BFI LFF 2020

Possessor review – psychological thrills and gross-out body horror

Brandon Cronenberg's second film stars Andrea Riseborough as a corporate assassin - a freakish treat for those able to stomach it

Whether or not you’ll take to Possessor, the deranged sophomore feature from writer-director Brandon Cronenberg, hellspawn of David, becomes apparent just two minutes into the film’s running time. We’re treated to an extreme close up of a needle-like rod being inserted into a woman’s scalp, the wound oozing with jam-red blood, like a popped zit. Cut to a mid-shot of the woman laughing maniacally with tears streaming down her face, the rod connected to an amp-like machine, a weird frequency being pulsed into her brain. And this is but a visceral aperitif.

If you’ve stomached this so far, you might be in for a freakish treat – or a neurotic descent into hell, dependent on how one looks at things. As we soon discover, the woman in the prologue had been possessed by a corporate assassin named Tasya, played here by Andrea Riseborough. She’s an agent for a secretive agency who uses an assortment of sci-fi gizmos and wires to invade the bodies of kidnapped people in order to commit devilish deeds for money.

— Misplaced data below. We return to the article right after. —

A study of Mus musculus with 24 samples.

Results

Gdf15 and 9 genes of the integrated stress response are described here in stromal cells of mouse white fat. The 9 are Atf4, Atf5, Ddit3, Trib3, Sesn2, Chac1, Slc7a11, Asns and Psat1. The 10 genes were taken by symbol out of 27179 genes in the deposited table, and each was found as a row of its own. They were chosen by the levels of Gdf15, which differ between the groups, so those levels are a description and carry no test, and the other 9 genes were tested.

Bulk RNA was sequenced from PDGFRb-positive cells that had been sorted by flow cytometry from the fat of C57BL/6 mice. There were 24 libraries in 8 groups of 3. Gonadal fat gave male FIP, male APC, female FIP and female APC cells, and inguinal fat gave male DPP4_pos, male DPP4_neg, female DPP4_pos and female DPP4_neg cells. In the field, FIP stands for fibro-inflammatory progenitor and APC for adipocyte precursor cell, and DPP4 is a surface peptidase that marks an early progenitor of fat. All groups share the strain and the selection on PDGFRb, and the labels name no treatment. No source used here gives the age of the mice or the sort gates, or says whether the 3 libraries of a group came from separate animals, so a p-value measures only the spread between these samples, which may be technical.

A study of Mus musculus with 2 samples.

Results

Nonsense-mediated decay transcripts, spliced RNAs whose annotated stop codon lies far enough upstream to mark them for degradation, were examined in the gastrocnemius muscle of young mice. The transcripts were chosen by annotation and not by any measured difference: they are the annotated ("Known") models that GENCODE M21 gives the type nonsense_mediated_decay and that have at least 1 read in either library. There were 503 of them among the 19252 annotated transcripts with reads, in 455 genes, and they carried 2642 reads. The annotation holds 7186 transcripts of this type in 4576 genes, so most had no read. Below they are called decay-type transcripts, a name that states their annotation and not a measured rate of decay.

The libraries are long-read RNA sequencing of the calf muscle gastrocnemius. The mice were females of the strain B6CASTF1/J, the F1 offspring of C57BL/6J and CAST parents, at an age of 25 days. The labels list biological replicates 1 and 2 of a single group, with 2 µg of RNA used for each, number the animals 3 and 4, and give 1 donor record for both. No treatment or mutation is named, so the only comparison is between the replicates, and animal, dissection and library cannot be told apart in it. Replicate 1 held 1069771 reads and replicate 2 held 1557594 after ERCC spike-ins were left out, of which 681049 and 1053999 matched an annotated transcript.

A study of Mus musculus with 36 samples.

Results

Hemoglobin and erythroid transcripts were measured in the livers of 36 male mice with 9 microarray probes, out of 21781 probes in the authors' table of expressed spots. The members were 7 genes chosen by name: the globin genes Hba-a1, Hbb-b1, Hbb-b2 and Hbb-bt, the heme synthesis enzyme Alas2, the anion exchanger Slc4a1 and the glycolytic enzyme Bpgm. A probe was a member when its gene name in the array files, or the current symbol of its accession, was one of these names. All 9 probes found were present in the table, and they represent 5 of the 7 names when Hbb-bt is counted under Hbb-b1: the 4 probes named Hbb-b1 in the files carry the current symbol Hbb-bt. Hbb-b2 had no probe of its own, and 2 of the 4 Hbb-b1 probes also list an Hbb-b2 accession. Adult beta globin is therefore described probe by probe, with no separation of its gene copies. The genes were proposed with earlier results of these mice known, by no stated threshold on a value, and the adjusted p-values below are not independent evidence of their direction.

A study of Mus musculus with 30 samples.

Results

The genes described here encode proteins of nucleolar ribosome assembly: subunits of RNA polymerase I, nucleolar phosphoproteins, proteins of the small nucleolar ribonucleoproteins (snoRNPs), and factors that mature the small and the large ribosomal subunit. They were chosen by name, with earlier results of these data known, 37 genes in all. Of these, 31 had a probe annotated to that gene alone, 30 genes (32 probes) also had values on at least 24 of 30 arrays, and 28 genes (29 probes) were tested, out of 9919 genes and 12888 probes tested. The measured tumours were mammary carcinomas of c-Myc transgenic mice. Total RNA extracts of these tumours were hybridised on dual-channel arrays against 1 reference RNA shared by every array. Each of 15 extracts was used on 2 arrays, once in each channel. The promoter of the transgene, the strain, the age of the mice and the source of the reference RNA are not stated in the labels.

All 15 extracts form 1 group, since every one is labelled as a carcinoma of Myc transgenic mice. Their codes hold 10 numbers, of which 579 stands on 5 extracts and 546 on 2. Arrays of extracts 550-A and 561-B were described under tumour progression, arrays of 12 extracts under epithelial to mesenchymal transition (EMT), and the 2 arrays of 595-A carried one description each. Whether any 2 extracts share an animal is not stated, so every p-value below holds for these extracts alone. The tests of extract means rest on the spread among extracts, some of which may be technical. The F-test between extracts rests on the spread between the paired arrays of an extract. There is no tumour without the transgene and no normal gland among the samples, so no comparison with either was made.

Tasya’s killings are seldom discreet affairs, preferring gratuitously bloody stabbings to her assigned method of shooting. But she’s also one of the finest in her role, which requires her to learn the minutiae of each subject in order to convincingly act like them around their colleagues and loved ones. So who’s going to resent her a little bloodlust?

Possesser displays a great confluence of formal film language and Cronenberg’s grim taste. Take the sequences in which Tasya invades her subjects and the film takes on a glitchy aesthetic, cutting quickly, becoming a mad, deep-red blur. The montage evokes precisely the kind of manic, confused visuals you’d expect from someone with a rod in their brain or a spectre lurking in the shadows of their synapses. Comparisons might be made to, say, Videodrome, but aside from the obvious connecting tissues, this younger Cronenberg’s vision stands on its own two feet.

This is a very dark tale in a grotesque package, and it won't be palatable for all – not that this feels like the intention. But if you relish in the masochistic delights of tense psychological thrills and gross-out body horror, you might just find yourself falling under Possessor's unique control.

Possessor was screened as part of the BFI London Film Festival 2020. It will be released in the UK on November 27.